War cabinet member Benny Gantz and observer Gadi Eisenkot have suggested temporarily limiting the entry of humanitarian aid into the Gaza Strip so its distribution will no longer be controlled by Hamas, Israeli television reported Wednesday.
According to Channel 12 news, the two National Unity party ministers believe that limiting the entry of aid for a short amount of time could create pressure for an alternative body to take responsibility for distributing aid among the enclave’s civilians, helping shape conditions in Gaza “the day after” the war.
They also reportedly think that limiting humanitarian assistance to Gaza could increase pressure for the return of the hostages still held by Hamas.
The report said Gantz and Eisenkot raised the matter during unspecified deliberations in recent days, and were given an assessment that Hamas is hijacking over half the aid trucks entering Gaza, with Shin Bet chief Ronen Bar putting the figure as high as 60 percent.
Bar was said to have discussed ways to stop Hamas from taking over the trucks during meetings in Cairo earlier this week.
The network noted the chief obstacle to such a move was the likely opposition of US President Joe Biden, which has repeatedly pressed Israel to let more aid into Gaza amid the ongoing fighting triggered by the Hamas-led terror onslaught on October 7.
Noting the decision would likely not go over well with the US, diplomatic sources told Channel 12 news that Gantz and Eisenkot would support limiting aid for a short period if doing so helps determine conditions in the Strip following the war, the discussion of which Prime Minister Benjamin Netanyahu has pushed off due to opposition from his far-right coalition partners.
The report came as large groups of activists, including some families of hostages being held by Hamas in Gaza, have been holding daily protests at the Kerem Shalom crossing, demanding that no aid be allowed to enter Gaza via Israel as long as the hostages remain in captivity.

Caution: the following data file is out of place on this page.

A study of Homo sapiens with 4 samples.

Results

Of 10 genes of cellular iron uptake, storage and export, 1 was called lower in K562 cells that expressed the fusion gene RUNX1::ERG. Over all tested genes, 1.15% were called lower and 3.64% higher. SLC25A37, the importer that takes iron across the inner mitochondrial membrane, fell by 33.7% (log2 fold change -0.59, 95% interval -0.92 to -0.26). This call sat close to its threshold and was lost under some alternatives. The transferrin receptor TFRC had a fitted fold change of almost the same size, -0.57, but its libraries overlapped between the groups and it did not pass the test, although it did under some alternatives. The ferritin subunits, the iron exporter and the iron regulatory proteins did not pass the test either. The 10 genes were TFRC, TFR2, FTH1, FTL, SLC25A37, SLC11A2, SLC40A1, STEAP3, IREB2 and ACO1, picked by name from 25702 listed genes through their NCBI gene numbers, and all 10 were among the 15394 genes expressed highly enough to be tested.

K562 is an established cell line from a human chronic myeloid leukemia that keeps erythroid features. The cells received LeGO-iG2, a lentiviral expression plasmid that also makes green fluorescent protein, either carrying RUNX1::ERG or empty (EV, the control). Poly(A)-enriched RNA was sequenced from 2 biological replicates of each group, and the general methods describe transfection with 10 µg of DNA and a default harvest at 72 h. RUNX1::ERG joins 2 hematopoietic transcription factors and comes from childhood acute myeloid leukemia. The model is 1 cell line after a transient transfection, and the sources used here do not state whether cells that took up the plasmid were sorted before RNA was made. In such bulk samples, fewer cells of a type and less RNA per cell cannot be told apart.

After repeated attempts, the protesters succeeded at blocking at least some of the aid several days last week. On Tuesday, the IDF issued an order declaring a closed military zone at the Nitzana Border Crossing, where aid enters Israel from Egypt to be checked before being sent back to Egypt to enter Gaza via the Rafah crossing.
Hamas launched an unprecedented attack on October 7, murdering close to 1,200 people in Israel, most of them civilians, and taking another 253 hostage, 132 of whom remain captive in Gaza.
In response, Israel launched an extensive military campaign against the terrorist organization, and the government initially said no aid would be allowed into Gaza.
By the end of October, however, Israel was allowing humanitarian aid to enter the Strip through the Rafah crossing on the Gaza border with Egypt. Netanyahu has since said multiple times that without minimal aid being given to Gaza, the IDF would be unable to complete its objectives in the war due to risks such as diseases.
As part of a temporary truce deal in November, 105 hostages were released, and Israel promised to up the number of trucks carrying aid to 200 a day, but could not keep up with the demand with only one crossing open. As a result, Netanyahu announced in mid-December that Israel would reopen Kerem Shalom to allow more aid into the Strip.
Netanyahu repeated that the aid was essential to success in the war during a press conference on Saturday night.